223 F2d 773 Shaheen v. Government of Guam

223 F.2d 773

George A. SHAHEEN, Appellant,



No. 14690.

United States Court of Appeals, Ninth Circuit.

June 17, 1955.

Finton J. Phelan, Jr., Agana, Guam, Heen, Kai, Dodge & Lum, Honolulu, Hawaii, for appellant.

Howard D. Porter, Atty. Gen., of Guam, Leon D. Flores, Island Atty., Agana, Guam, Walker W. Lowry, San Francisco, Cal., for appellee.

Before DENMAN, Chief Judge, BONE, Circuit Judge, and LINDBERG, District Judge.

DENMAN, Chief Judge.



The order appealed from was made in a suit in the United States District Court of Guam in which count one of the complaint alleges, so far as is pertinent:


"1. This is an action involving a tax claim in excess of $2,000.00 due the Government of Guam. It is brought pursuant to the provisions of Chapter 8A, Title 48 U.S.C.A. It is authorized by the Commissioner of Revenue and Taxation, Department of Finance, Government of Guam, and directed by the Attorney General, Government of Guam.


"2. Defendant has been doing business in Guam during the years 1947 to 1954, inclusive.


"3. Defendant has never filed any income tax return with the Government of Guam, nor paid any income tax to the Government of Guam.


"4. Under date of November 23, 1954, the Commissioner of Revenue and Taxation caused commissioner's income tax returns to be prepared for defendant and made jeopardy assessments for the amount of income taxes shown thereon, together with penalties and interest, which sums are due and owing the government of Guam, as follows: * * *" followed by the amounts claimed due for the calendar years 1951, 1952, 1953 and 1954. Counts two and three have allegations of Shaheen's failure to file and pay his Business Privilege tax required by the Government of Guam.


Shaheen moved to dismiss the complaint alleging thirty-two grounds all of which, his brief admits, were based on lack of jurisdiction in the District Court of Guam, to entertain it. The motion to dismiss was denied by the court and Shaheen filed his notice of appeal as follows:



"Dated at Agana, Guam, this 31st day of January, 1955." (Emphasis added)


Shaheen's brief urges, inter alia, that the denial of the motion to dismiss on jurisdictional ground is an appealable order because "it in effect denied an injunction". In support of this extraordinary contention, the brief cites two cases. One of them, Shanferoke Coal & Supply Corporation of Delaware v. Westchester Service Corporation, 293 U.S. 449, 55 S.Ct. 313, 79 L.Ed. 583, held that an application for a stay was in the nature of an interlocutory injunction and hence appealable. Obviously a motion to dismiss an action because of want of jurisdiction is in no sense for a stay of the action. It is for its extinction.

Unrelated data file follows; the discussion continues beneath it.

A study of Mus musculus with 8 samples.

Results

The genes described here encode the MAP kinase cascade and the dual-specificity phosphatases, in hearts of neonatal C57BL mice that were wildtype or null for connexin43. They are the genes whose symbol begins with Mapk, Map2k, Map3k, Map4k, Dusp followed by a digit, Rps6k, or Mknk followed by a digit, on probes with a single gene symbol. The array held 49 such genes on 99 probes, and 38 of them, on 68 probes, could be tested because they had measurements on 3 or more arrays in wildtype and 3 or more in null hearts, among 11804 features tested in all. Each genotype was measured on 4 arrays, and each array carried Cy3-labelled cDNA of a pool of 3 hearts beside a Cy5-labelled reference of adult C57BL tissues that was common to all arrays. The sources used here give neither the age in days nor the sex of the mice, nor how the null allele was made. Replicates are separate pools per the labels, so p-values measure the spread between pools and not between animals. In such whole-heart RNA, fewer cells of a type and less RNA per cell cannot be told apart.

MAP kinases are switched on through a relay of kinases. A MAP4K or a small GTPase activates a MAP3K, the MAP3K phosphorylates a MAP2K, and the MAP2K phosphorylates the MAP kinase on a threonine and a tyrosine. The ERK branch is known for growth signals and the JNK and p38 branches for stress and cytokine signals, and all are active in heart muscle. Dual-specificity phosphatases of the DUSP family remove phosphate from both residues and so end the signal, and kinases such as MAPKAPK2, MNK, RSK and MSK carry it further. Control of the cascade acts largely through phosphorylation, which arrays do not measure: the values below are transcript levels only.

The other case cited is Cutting Room Appliances Corp. v. Empire Cutting Machine Co., 2 Cir., 186 F.2d 997. This case is equally obviously inapplicable since the trial court dismissed a cause of action praying for an injunction.


Clearly this is the ordinary case of the denial of a motion to dismiss on jurisdictional grounds, held a non-appealable interlocutory order by the Supreme Court in Catlin v. United States, 324 U.S. 229, at page 236, 65 S.Ct. 631, at page 635, 89 L.Ed. 911 in the following language:


"We dispose shortly of the motion, or that part of it, which was directed at dismissal of the proceedings, in so far as it may require treatment separately from the motion to vacate the `judgment,' if it does so at all. Had this motion been granted and judgment of dismissal been entered, clearly there would have been an end of the litigation and appeal would lie within Section 128. United States v. Carey, 9 Cir., 143 F.2d 445; United States v. Marin, 9 Cir., 136 F.2d 388. But denial of a motion to dismiss, even when the motion is based upon jurisdictional grounds, is not immediately reviewable. Cf. Roche v. Evaporated Milk Ass'n, 319 U.S. 21, 63 S.Ct. 938, 87 L.Ed. 1185. See also Dieckmann v. United States, 7 Cir., 88 F.2d 902. Certainly this is true whenever the question may be saved for disposition upon review of final judgment disposing of all issues involved in the litigation or in some other adequate manner." (Emphasis added.)


Shaheen devotes pages of his brief seeking a reversal of an order denying a motion to quash the service of summons on him to appear in the suit against him for taxes. The ground claimed is that he is not a resident of Guam and the service was made on him while in Guam solely for the purpose of litigating another case there. He also consumed much of the court's and his opponent's time in arguing this contention at the hearing. It was not until after the case was submitted that we discovered that Shaheen had taken no appeal from the order to quash the summons!


The motion to dismiss the appeal is granted.